Iraqi prime minister disinvites Turkey from operation to liberate Mosul from ISIL

by WorldTribune Staff, October 10, 2016

Turkey will have no role in the liberation of Mosul from Islamic State of Iraq and Levant (ISIL), Iraqi Prime Minister Haider al-Abadi said.

“Turkish forces will not be allowed to participate in the liberation of Mosul under any circumstances,” Abadi said during a visit to the city of Karbala on Oct. 9, Al Sumaria news channel reported.

Iraqi Prime Minister Haider al-Abadi. /Reuters
Iraqi Prime Minister Haider al-Abadi. /Reuters

Earlier this month, Turkish President Recep Tayyip Erdogan told Dubai-based Rotana TV that Turkey “will play a role in the Mosul operation and no one can prevent us from participating.”

Iraq has said Turkey is more interested in the post-ISIL future of Mosul than helping to liberate it. Baghdad was also concerned about Turkey training Sunni-dominated Al-Hashd al-Watani forces at Bashiqa training camp 25 kilometers (15 miles) from Mosul.

Abadi said Turkey is “violating Iraq’s sovereignty” by maintaining an official deployment of 150 troops in Bashiqa as well as a staff of “military advisers” likely numbering in the thousands.

More fuel was added to tensions between the neighbors when Turkish parliament on Oct. 1 approved a one-year extension for its military operations in Iraq and Syria.

Iraq’s parliament responded by summoning the Turkish ambassador, branding Turkish forces in Iraq as occupiers and calling for a review of trade and economic relations with Ankara. Baghdad also said it would initiate immediate action with the United Nations to expel Turkish troops from Iraq.

A political adviser who was in the Iraqi parliament’s lobby when the issue was being discussed told Al-Monitor: “The interview of Erdogan with Rotana TV was discussed a lot here. Shi’ite parties and minority representatives were upset. There were calls for expulsion of the Turkish ambassador. Erdogan’s words that Mosul should be left to Sunnis annoyed the Turkmens. There is concern here that after Syria, Turkey might [focus on] Iraq. Turkey seems to be determined — at least Iraqis think so.”

According to Arabic and English translations, Rotana TV interviewer Jamal Khashoggi asked Erdogan: “Do you think Mosul can be liberated without the intervention of Turkey and Saudi Arabia?”

Erdogan replied: “I want to make it clear that Turkey, Saudi Arabia, Qatar and the Western coalition will not allow sectarian domination. … But there is a major question: Who will then control the city? Of course, Sunni Arabs, Sunni Turkmens and Sunni Kurds. ”

Iraq’s Shiite-dominated Popular Mobilization Units (PMU), also called Hashid Shaabi, “must not be allowed to enter Mosul,” Erdogan continued.

“Turkey and Saudi Arabia especially must cooperate to prevent them from entering. When we set up the camp at Bashiqa and our soldiers were training peshmerga, Baghdad’s government was not uncomfortable with Turkey. We will not abandon our brethren who requested our support. We will not allow Mosul to be dominated by another terror group after [IS]. I believe Iran, too, will be careful about Mosul. Mosul belongs to people of Mosul and Tal Afar to the people of Tal Afar. Nobody else should enter these areas,” the Turkish president said.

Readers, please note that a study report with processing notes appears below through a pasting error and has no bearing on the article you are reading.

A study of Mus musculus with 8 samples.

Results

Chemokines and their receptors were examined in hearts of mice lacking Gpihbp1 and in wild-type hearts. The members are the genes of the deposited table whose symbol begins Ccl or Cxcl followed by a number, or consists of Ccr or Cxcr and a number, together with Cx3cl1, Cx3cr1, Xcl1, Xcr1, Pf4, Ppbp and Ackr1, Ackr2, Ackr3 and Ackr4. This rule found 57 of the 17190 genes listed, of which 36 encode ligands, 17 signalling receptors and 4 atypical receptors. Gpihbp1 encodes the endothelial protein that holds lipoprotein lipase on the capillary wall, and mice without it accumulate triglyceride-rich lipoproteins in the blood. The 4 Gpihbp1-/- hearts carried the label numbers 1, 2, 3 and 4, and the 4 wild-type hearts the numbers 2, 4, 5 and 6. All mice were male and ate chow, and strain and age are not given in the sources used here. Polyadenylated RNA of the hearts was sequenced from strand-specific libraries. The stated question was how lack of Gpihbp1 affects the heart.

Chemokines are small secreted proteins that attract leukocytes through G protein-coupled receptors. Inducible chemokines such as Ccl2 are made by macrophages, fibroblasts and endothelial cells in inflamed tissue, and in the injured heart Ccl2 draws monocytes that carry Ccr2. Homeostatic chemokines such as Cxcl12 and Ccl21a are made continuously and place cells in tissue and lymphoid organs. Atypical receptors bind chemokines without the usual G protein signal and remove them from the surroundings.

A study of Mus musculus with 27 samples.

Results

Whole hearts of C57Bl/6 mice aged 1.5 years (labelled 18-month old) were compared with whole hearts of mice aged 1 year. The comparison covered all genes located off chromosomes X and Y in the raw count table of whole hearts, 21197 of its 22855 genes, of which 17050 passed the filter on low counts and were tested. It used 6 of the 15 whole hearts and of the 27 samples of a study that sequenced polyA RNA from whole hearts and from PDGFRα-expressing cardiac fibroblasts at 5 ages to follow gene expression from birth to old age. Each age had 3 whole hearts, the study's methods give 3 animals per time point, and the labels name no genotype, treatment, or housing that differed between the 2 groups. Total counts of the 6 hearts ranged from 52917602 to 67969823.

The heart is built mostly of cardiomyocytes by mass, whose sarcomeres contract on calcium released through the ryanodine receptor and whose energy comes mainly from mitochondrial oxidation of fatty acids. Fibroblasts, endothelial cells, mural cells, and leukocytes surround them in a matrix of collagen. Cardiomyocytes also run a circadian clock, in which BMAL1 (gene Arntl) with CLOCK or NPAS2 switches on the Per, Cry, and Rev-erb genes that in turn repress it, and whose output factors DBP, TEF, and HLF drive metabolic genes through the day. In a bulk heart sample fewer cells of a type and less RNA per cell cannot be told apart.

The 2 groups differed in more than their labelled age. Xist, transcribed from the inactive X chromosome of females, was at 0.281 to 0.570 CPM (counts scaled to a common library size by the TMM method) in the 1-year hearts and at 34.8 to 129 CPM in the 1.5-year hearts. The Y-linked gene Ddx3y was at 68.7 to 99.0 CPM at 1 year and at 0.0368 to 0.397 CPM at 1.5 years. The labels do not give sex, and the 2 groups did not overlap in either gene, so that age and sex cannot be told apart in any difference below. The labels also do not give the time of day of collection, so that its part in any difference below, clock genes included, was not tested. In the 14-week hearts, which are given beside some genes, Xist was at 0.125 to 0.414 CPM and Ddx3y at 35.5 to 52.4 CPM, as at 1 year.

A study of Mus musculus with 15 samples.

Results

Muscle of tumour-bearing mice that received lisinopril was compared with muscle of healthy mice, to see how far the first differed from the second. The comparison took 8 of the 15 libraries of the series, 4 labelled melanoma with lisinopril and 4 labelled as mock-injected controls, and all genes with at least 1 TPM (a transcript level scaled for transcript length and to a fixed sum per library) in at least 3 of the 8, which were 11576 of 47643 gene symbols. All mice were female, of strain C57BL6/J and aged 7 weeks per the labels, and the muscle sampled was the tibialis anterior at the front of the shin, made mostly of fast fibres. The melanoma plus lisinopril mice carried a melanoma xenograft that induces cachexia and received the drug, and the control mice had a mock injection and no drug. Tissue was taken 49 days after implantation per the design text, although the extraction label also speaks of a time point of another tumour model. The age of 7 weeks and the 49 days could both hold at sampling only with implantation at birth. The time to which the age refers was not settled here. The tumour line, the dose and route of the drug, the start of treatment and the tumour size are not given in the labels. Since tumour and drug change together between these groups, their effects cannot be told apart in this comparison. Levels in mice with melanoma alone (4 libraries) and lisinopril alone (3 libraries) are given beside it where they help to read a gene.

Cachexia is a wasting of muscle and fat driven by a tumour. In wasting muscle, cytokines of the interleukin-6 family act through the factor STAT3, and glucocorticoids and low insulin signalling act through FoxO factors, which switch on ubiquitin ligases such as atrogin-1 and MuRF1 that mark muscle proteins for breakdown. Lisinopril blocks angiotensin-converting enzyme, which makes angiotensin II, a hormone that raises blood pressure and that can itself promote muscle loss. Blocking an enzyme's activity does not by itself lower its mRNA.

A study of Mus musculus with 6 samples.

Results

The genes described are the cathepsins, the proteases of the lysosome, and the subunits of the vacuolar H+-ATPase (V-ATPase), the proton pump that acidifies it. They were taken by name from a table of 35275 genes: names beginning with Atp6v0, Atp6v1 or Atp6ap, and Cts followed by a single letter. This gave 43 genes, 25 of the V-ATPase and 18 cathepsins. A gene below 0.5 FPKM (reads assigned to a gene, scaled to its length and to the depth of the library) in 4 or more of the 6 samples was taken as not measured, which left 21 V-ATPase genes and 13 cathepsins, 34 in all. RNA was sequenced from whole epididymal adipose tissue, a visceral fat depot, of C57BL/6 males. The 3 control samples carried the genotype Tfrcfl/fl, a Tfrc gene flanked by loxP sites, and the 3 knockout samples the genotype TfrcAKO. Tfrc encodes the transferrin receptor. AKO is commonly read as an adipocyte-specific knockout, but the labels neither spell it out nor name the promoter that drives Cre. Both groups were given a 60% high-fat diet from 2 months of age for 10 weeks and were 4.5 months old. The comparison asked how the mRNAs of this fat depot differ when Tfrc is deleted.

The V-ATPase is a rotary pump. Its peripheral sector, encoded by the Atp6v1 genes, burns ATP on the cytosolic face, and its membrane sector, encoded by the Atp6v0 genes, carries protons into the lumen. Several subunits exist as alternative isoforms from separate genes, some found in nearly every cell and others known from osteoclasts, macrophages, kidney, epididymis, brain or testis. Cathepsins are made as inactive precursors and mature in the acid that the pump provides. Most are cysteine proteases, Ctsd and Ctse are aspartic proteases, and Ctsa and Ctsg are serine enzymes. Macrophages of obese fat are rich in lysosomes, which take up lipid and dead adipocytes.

That statement did not sit well with Shi’ite Turkmens, Shi’ite Arabs, Shabaks, Kakais, Yazidis and Christians who live in Mosul.

Turhan Mufti, the chairman of Iraq’s Nationalist Turkmen Peoples’ Party, told Al-Monitor the party doesn’t want Turkey to intervene in Mosul. “What is important is for Iraq to solve its own problems. This is not something you can do with invitations sent by the former governor of Ninevah or Barzani, but [only] with the invitation of the Iraqi government. How can anyone else invite a foreign force to the country? … Some say, ‘If there are U.S. soldiers, why not Turks?’ This means nothing. It is the Iraqi government that will decide which country can send its soldiers to Iraq.”

Mufti was also critical of Erdogan’s warning to Hashid Shaabi not to enter Mosul. “Hashid Shaabi is not made up of exclusively Shi’ites,” he said. “Mosul’s own Hashid Shaabi will of course take part. These are people who had fled from Mosul and Tal Afar. They are people of Mosul. Also, Iraq must be accepted as a whole. Why shouldn’t an Iraqi from Basra not fight at Mosul? We are in an all-out war against ISIL. Why can’t [Turkey] understand this?”

A Mosul Turkmen who was part of an unofficial diplomatic effort to improve relations between Turkey and Iraq in the first years of AKP rule in the early 2000s told Al-Monitor he now feels devastated:

“Why did Turkey wait for two years doing nothing against [ISIL]? Now it says [the Shiite] Hashid Shaabi should not enter Mosul. Fine, then why didn’t you let [the Sunni] Hashd al-Watani, which you claimed to have trained, fight? What were you waiting for? Others marched from Baghdad to Mosul, fighting their way and paying the price for it. Now you are telling them, ‘Stop.’ Who is going to listen to you? You say only Sunni Arabs, Sunni Turkmens and Sunni Kurds will remain in Mosul. Why are you talking only of Sunnis? There are at least 12,000 Shi’ite Turkmens in the Iraqi army, police and Hashid [forces] fighting ISIL. Why didn’t you help Turkmens until today? You gripe about Iran, but Iran was on board to help from day one. Why weren’t you? Even Ersad Salih, the chairman of the Iraqi Turkmen Front, openly said, ‘Turkey is not coming for us.’ This is what Turkmens feel.”